Monday, September 26, 2016

A put-out Vilsack tried to resign, but then Obama made him a point man to fight the opioid epidemic

Tom Vilsack (Photo by Matt McClain, The Washington Post)
Secretary of Agriculture Tom Vilsack, "frustrated with a culture in Washington that too often ignored rural America’s struggles and dismissed its virtues," tried to resign in late 2015, Greg Jaffe and Juliet Eilperin report for The Washington Post, noting that the former governor of Iowa and mayor of Mount Pleasant often said, “I just sometimes think rural America is a forgotten place.”

Instead of letting Vilsack go, "Obama asked him to take over the administration’s response to the opioid crisis that was ravaging rural America," the Post reports. In recent interviews, "He did not blame the president for the lack of attention to rural America, though his last one-on-one meeting with Obama had taken place 10 months earlier, when he tried to resign. His frustration was with the rest of the country — the media, Congress and the private sector — which he felt had ignored the struggles and contributions of a region that produced most of the country’s food and, during 15 years of war, had disproportionately filled the ranks of its military."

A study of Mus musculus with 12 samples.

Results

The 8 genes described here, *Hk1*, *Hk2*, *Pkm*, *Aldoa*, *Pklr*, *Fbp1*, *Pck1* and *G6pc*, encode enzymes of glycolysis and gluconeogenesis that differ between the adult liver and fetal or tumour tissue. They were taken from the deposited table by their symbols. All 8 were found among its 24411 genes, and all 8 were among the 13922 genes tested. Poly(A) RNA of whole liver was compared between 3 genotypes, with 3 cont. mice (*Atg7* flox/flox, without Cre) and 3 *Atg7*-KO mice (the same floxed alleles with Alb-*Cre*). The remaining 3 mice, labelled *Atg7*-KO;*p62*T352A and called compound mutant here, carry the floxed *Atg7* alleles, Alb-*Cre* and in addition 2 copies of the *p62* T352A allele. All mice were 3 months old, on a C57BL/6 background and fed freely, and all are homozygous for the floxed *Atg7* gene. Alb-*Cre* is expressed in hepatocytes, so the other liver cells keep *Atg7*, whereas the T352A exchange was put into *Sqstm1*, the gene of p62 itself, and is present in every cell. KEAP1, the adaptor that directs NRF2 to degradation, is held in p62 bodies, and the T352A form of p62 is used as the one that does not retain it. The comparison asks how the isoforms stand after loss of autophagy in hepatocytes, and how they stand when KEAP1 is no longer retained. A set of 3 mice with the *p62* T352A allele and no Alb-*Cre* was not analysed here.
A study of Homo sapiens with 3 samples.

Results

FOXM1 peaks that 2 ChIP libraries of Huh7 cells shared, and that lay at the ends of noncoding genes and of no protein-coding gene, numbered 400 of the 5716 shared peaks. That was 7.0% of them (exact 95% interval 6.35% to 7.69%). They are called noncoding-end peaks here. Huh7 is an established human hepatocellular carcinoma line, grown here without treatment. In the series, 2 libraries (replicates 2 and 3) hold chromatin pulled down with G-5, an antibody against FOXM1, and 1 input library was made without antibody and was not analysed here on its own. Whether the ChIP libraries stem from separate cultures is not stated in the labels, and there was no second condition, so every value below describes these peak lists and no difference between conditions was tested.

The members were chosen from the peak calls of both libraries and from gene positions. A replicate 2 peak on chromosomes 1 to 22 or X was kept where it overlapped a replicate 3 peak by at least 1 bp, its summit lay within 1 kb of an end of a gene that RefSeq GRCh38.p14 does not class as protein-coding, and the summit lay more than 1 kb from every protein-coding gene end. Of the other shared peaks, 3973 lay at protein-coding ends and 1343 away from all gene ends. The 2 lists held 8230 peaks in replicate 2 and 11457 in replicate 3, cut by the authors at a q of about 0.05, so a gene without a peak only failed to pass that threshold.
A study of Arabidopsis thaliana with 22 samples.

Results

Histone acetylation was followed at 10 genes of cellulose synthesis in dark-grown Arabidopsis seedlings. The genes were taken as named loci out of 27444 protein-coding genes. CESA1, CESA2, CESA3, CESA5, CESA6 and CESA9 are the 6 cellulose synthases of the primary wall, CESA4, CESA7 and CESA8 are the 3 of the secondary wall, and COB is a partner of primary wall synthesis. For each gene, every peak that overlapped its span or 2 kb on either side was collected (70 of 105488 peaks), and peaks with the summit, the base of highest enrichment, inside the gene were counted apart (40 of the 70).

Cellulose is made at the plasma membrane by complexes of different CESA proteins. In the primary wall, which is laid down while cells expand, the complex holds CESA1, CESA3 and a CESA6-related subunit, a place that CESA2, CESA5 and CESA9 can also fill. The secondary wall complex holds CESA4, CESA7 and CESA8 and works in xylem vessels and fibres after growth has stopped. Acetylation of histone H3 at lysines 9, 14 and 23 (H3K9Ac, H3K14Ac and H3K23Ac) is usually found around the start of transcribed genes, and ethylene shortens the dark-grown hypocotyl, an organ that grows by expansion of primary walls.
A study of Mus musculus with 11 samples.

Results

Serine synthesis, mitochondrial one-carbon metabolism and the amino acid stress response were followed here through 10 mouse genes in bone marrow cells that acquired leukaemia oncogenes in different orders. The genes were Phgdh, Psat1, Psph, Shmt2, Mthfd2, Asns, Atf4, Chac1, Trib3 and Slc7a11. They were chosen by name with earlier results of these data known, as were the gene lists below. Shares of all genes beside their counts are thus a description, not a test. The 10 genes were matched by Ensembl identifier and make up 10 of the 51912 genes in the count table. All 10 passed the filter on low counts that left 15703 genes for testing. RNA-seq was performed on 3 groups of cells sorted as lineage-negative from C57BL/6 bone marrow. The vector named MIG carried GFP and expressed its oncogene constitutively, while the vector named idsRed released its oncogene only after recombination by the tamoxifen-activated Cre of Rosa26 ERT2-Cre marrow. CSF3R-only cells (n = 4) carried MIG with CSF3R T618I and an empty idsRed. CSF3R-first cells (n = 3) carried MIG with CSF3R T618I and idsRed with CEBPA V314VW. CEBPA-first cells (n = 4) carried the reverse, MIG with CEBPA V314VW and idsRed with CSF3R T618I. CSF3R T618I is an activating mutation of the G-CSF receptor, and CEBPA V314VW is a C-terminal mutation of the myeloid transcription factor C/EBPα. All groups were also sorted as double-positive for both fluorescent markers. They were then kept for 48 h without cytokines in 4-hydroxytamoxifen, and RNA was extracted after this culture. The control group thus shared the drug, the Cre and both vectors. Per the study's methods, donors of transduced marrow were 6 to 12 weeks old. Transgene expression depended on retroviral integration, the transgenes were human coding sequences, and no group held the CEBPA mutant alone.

Jaffe and Eilperin write, "The new assignment would force Vilsack to confront not only the immediate drug crisis in the country but also the frustrations and feelings of economic hopelessness that had taken root and allowed the epidemic to flourish." Also, it was "the kind of crisis that too easily escaped the attention of powerful people in Washington. It had developed slowly, over the course of decades, in parts of rural America that were isolated, poor and often overlooked."

And it was personal for Vilsack, who "had spent his adult life fighting for rural America," the reporters note. "He was also the child of an alcoholic and prescription drug addict. The story of his mother’s addiction and her suicide attempts had long been a part of his political identity; one that he had told hundreds of times on the campaign trail." There's a lot more; it's a great story. Read it.